Tuesday, July 14, 2009

Even Doctors Make Mistakes Occasionally

I'm not a proponent of rampant medical malpractice claims. I think attorneys get a bad rap for being 'sue happy' when it comes to suing doctors. The fact is, most attorneys I know who handle medmal cases are far from sue happy. In fact, they tend to be just the opposite. Frankly, there's a lot of self-interest in attorneys minimizing bringing medical malpractice lawsuits. This is because:
  • a) they are very expensive to bring;

  • b) they are extremely time-consuming for the attorney and office staff;

  • c) the doctor's insurance companies have huge financial resources to fight the claims; &

  • d) the doctors, themselves, can reject a reasonable settlement -- even if the doctor's attorney and insurer believe settlement is appropriate.

And since almost all such cases are handled by the injured person's attorney on a contingency fee basis (i.e., the attorney only gets paid based on a % of any settlement or recovery), it is in the attorney's best interest not to take a 'loser' case. I'm a big believer in taking good cases; and leaving the 'dreck' behind.

But sometimes, there are good cases. And unfortunately, a doctor's pride can sometimes get in the way of a reasonable, responsible, and timely resolution. Such was the case in a situation in which my client came to me complaining of a goof by her hand surgeon. I won't get into the specific medical details. Suffice it to say that she went into her doctor for a surgical procedure to correct a condition in which one of the bones in her hand had been damaged. As you might know, the hand has many bones. They all work together to give us the ability to manipulate items with great dexterity. In this case, the doctor was supposed to remove the small damaged bone and replace it with a filler. Unfortunately, the doctor messed up. He removed the wrong bone -- the healthy bone immediately adjacent to the damaged bone.

For months, my client was in pain. The surgery didn't seem to have worked. She complained to her surgeon, who merely accused her of being a whiner and chastised her for refusing to actively participate in her prescribed post-surgery physical therapy. She finally sought a second opinion from another surgeon who, without difficulty, discovered the operating surgeon's error.

As an attorney, this was one of the easier medical malpractice cases to prove. After all, we had x-rays from just before the surgery, and x-rays from shortly after the surgery. We had the surgical report from the errant surgeon, and the surgical report from the subsequent surgeon who had to try to fix the unfixable goof. (It was almost as straightforward as a case in which a surgeon amputates the wrong limb!) Yet, when faced with this clear cut evidence, the initial surgeon refused to admit his error. So we were forced to commence a lawsuit.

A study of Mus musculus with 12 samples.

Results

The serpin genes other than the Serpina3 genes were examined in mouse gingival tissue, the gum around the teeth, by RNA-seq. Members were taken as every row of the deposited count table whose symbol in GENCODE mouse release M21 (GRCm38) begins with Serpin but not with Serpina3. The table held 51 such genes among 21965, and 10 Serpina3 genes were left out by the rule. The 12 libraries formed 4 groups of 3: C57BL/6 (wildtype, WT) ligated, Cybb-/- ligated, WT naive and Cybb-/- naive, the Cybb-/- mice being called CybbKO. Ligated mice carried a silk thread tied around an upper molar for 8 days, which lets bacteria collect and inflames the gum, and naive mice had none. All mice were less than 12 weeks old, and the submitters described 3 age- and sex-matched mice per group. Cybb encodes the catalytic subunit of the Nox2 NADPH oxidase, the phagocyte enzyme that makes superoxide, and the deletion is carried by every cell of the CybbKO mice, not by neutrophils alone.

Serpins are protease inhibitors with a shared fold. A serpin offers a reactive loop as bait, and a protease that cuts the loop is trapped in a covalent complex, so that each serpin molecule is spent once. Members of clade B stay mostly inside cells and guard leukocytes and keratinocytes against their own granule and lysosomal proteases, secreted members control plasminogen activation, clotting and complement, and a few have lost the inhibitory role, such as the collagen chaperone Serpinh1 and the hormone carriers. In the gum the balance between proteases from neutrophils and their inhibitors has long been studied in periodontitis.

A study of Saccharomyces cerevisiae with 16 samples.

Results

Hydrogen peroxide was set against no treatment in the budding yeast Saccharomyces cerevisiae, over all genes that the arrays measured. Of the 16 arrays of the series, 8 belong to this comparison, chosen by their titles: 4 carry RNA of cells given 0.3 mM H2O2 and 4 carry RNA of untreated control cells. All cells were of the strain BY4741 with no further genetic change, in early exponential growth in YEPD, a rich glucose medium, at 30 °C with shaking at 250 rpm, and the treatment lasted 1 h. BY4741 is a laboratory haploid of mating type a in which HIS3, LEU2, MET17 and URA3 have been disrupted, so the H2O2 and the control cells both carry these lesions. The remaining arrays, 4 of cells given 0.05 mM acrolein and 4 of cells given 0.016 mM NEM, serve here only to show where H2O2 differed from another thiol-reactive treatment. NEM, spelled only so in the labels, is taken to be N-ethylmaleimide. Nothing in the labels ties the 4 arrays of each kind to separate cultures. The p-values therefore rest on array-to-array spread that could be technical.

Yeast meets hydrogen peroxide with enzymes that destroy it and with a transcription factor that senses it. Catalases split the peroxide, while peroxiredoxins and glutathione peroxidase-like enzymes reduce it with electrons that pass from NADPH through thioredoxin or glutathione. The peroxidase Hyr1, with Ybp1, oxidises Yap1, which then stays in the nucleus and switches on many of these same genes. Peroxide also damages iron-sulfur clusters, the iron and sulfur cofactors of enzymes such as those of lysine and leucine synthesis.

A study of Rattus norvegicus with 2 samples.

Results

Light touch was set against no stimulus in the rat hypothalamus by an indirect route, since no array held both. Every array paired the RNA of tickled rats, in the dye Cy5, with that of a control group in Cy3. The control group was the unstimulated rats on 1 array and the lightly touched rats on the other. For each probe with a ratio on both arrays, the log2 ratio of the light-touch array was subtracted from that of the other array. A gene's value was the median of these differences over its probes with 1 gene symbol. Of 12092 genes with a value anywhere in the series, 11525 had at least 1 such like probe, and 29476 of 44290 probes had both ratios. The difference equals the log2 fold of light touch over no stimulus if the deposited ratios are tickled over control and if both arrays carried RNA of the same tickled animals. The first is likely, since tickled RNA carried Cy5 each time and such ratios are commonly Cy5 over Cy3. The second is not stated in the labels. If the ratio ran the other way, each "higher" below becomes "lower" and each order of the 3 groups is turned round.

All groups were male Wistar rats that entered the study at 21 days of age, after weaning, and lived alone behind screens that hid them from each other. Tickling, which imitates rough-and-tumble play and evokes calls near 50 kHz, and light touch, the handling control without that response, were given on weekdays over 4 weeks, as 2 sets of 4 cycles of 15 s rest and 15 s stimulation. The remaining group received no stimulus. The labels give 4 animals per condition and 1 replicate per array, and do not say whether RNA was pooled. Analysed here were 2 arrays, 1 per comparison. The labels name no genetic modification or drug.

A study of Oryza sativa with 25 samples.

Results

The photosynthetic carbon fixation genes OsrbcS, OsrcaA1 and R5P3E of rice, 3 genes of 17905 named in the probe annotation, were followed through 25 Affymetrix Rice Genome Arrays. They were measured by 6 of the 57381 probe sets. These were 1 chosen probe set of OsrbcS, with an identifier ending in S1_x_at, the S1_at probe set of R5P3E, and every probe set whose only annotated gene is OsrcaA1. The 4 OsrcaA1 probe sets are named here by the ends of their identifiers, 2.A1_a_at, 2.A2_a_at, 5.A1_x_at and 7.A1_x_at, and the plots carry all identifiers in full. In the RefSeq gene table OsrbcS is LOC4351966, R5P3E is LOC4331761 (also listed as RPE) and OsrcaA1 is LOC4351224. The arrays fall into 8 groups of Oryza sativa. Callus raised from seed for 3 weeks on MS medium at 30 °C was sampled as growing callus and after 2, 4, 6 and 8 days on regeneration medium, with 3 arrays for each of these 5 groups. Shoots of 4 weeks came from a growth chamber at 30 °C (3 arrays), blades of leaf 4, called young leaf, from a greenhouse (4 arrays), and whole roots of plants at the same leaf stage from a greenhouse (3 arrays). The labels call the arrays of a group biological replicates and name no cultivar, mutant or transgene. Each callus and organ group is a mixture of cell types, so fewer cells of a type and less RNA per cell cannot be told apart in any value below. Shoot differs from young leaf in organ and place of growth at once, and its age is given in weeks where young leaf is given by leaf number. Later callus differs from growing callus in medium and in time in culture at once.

The lawsuit didn't last too long. The handwriting was on the wall. The doctor attempted to come up with explanations for the problem; but none made sense. Finally, during his deposition, I asked him what could explain the fact that the damaged bone was present both before and after his surgery; but that a previously healthy bone was missing following his surgery. And although he admitted these facts; he admitted no explanation for how that could have occurred. The only thing he was sure of was that he didn't do it. It sounded like a 9-year old boy trying to explain who broke the vase; while standing among the broken glass with a hammer in his hand.

Fortunately -- finally -- his attorney and insurer were able to convince the doctor to authorize a settlement (undoubtedly explaining to him that he would look pretty foolish on the record in front of a jury).

Doctor's make mistakes. So do lawyers. So do plumbers, electricians, builders, teachers, drivers, policemen ... you name it. Let's face it. EVERYONE makes mistakes. It doesn't make them bad people. In fact, it makes them human! When people make mistakes, it's always better to just admit them and move on. When people make legal mistakes, the answer is really the same (although, perhaps, after consultation with an attorney).

With the overwhelming evidence against this doctor, he should have admitted the mistake, and allowed his insurance company to handle it on his behalf. It's unfortunate that he put up a silly -- non-existent -- fight. As a practical matter, it cost him more. He needed to spend substantial time away from his practice dealing with the litigation process -- and frankly, my client might have been willing to settle for less had the doctor not forced her to sue in the first place.

There's a lot to be learned from basic kindergarten rules --- like admit your mistakes and move on.